Reading to children is a wonderful and powerful way to communicate our care, and to help them learn a variety of important skills. Socially and emotionally, reading to our children has a deeper and more profound impact than we might imagine.
When we read to children, it gives them the opportunity to increase their attention span. Additionally they develop emotion recognition, emotional regulation, social skills and empathy.
Stories help children to build their emotional comprehension, as stories are fundamentally about feelings, and characters’ emotional reactions to situations. Storytelling gives children the freedom to project their feelings onto stories and characters – they can ‘try on’ emotions for themselves, or reject those feelings if they seem too overwhelming, while still learning about the feelings. Characters in stories become a means for children to explore feelings in a safe way, by exploring those feelings in other characters, at a distance that feels safer.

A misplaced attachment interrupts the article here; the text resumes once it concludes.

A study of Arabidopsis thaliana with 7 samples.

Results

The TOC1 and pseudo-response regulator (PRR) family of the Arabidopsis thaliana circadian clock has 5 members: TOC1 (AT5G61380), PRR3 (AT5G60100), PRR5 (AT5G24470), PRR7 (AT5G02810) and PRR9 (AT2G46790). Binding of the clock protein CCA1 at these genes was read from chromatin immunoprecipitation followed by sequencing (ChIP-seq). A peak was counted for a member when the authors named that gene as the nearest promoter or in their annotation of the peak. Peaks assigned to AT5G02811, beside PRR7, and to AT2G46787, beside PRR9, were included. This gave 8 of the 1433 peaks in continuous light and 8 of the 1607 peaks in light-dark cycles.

Stories also introduce the concept of empathy – feeling for and with characters that are being identified with, which spills over into children’s interactions with those around them.
Important social skills are learned during story time, as children carefully watch and learn from characters’ reactions, or have discussions with trusted adults about different ways of interacting.
Story time also provides a wonderful opportunity for connection with parents and carers. It is usually a restful, quiet time, during which children can snuggle up close, and enjoy wonderful physical proximity with those they love. For adults, it is a wonderful opportunity to make positive eye-contact with little ones, and to provide love, nurturing, attunement to children’s feelings, and sharing feelings with them while reading. Adults can initiate discussions about a variety of feelings or situations in stories, gently guiding and teaching in fun ways, and help children to become aware of what they are feeling and how to cope with those feelings.
Story time is even beneficial for parents! It is a quiet, peaceful time that relaxes muscles and reduces heart rate significantly. Cuddling and spending quality time with little ones releases oxytocin, the ‘cuddle-hormone’, which combats the release of harmful, stress-induced hormones, and strengthens the immune-system.
So make time for stories, even if it’s only one, because story time build us up, one story at a time!